Economy Cools Amid Shopping Slowdown
WASHINGTON (Reuters) - The U.S. economy lost steam in the second quarter as consumers hit by high energy costs turned thrifty, notching their smallest increase in spending since the 2001 recession, government data released on Friday showed.
U.S. gross domestic product, a measure of total output within the nation's borders, climbed at a modest and weaker-than-expected 3 percent annual rate in the April-June period after an upwardly revised 4.5 percent clip at the start of the year, Commerce Department data showed.
Consumer spending rose at a paltry 1 percent rate, a mere shadow of the 4.1 percent jump of the first quarter and the weakest gain since the second quarter of 2001, when the economy was in recession.
The degree to which consumers retrenched surprised Wall Street analysts. Moody's Investors Service chief economist John Lonski called the spending gain "shockingly small."
While GDP growth proved weaker than expected, the economy's pulse has already shown signs of quickening. Other data on Friday showed consumer spirits have brightened a bit this month, while business activity has picked up in the Midwest.
Bond prices rose as investors saw weakness, but the dollar moved higher against the euro as foreign exchange traders saw strength. Stock prices were little changed.
PRICES HIT SPENDING
For President Bush, who hopes a strong expansion will help him retain the White House in November's election, the blow from the tepid second quarter was lessened by the upward revisions to growth in the January-March period.
"When you combine the first quarter and the second quarter ... we're growing at 3.75 percent, which is (a) very strong growth rate and very sustainable," Treasury Secretary John Snow told WDAY radio in Fargo, North Dakota.
Democratic Sen. John Kerry's campaign used the data to call attention to what they termed as Bush's "failed policies."
"Clearly this is a disappointing number, but our focus isn't on any single quarter, it's on how to reverse the failed policies of the last four years," Kerry campaign spokesman Phil Singer said.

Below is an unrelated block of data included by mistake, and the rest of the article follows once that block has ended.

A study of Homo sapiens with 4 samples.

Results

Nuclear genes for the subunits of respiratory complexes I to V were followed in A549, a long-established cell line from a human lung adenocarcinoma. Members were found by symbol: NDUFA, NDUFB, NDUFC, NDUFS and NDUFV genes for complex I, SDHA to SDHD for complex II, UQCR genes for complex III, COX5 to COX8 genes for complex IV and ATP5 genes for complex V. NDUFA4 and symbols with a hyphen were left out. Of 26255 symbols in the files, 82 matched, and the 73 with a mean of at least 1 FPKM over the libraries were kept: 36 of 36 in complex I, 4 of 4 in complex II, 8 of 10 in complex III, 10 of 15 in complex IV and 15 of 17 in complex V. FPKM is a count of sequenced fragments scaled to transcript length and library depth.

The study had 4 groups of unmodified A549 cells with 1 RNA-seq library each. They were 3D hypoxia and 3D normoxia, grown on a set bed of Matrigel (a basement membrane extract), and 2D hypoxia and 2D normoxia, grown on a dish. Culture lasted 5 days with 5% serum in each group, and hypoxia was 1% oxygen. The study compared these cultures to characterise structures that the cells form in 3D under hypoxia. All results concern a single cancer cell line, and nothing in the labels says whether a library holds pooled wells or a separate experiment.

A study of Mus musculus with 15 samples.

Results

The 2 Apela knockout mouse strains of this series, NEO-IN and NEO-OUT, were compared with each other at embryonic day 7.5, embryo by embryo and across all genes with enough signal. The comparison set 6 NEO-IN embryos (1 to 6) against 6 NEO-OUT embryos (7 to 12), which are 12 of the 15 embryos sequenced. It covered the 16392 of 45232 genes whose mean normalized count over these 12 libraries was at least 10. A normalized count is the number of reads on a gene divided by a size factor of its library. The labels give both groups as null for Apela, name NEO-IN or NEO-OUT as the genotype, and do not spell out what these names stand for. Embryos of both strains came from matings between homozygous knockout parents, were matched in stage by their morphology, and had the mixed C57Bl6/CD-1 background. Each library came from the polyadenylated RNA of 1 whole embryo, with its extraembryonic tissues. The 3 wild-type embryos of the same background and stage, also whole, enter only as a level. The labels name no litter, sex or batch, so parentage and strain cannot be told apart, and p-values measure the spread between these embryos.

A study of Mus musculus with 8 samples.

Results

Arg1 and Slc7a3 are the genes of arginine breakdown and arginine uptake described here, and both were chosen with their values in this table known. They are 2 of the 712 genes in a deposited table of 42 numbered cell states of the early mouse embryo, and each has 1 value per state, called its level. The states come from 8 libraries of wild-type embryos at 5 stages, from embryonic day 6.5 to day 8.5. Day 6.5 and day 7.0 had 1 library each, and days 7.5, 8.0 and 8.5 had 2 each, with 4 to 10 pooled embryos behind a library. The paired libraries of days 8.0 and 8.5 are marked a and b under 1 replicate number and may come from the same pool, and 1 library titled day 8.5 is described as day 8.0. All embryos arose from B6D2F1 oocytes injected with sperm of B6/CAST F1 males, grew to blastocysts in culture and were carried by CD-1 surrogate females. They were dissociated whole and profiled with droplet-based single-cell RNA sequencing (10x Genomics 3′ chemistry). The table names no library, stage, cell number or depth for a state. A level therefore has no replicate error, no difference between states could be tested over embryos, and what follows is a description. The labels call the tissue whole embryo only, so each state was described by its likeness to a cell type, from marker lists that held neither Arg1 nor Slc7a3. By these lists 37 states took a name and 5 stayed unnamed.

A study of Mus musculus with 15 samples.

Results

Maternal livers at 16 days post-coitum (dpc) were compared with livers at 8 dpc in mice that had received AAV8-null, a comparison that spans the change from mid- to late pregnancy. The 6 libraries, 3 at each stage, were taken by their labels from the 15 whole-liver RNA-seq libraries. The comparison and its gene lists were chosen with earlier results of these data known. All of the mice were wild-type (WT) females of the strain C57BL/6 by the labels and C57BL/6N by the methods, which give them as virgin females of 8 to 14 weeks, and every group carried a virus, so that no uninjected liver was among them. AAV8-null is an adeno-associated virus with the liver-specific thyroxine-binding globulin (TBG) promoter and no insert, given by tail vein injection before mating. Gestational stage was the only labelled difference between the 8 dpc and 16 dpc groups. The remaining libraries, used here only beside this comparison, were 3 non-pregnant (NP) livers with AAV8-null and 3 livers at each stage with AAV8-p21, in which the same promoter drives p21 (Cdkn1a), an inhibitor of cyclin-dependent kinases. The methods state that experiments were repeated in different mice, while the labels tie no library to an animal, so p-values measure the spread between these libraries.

In an updated forecast, the White House said the economy would likely expand 4.7 percent this year, a touch above the 4.5 percent consensus projection in the latest issue of the closely watched Blue Chip Economic Indicators newsletter.
Analysts said big energy price hikes were one factor that hit consumer spending in the spring.
Inflation -- gauged by a measure favored by policy-makers at the Federal Reserve -- rose at a relatively speedy 3.3 percent rate in the second quarter, the same as at the start of the year.
However, stripping out often-volatile food and energy prices, the price gauge for consumer spending climbed at only a 1.8 percent rate, a slowdown from a 2.1 percent increase in the first quarter that helped soothe bond investors.
Fed officials have said they should be able to move borrowing costs higher at a "measured" pace unless it sees a risk of broad-based inflation.
The slowing in so-called core inflation was seen as bolstering the case for gradual rate rises.
"What we see in this data is the Fed will stick to their measured pace or maybe even slow down a bit," said Kevin Logan, an economist with Dresdner Kleinwort Wasserstein in New York.
The GDP report showed businesses ramped up spending on capital equipment and structures, pushing it ahead at a solid 8.9 percent pace, more than double the January-March rise.
"The vigor in investment spending is especially heartening and suggests that as long as the consumer gets back on track this summer, the economy should be in great shape," said Steve Stanley, chief economist at RBS Greenwich Capital.
Activity in the housing sector also picked up.
A separate report showed consumers' moods have brightened a bit this month, suggesting spending could quicken. The University of Michigan's final July sentiment index rose to 96.7 from 95.6 last month, according to sources who saw the subscription-only report.
Another report showed business activity picking up in the Midwest. The business barometer from the National Association of Purchasing Management-Chicago rose to 64.7 in July from 56.4 in June, suggesting a factory recovery is gaining traction.
This is not a commitment for a loan or an ad for credit as defined by paragraph 226.24 of regulation Z.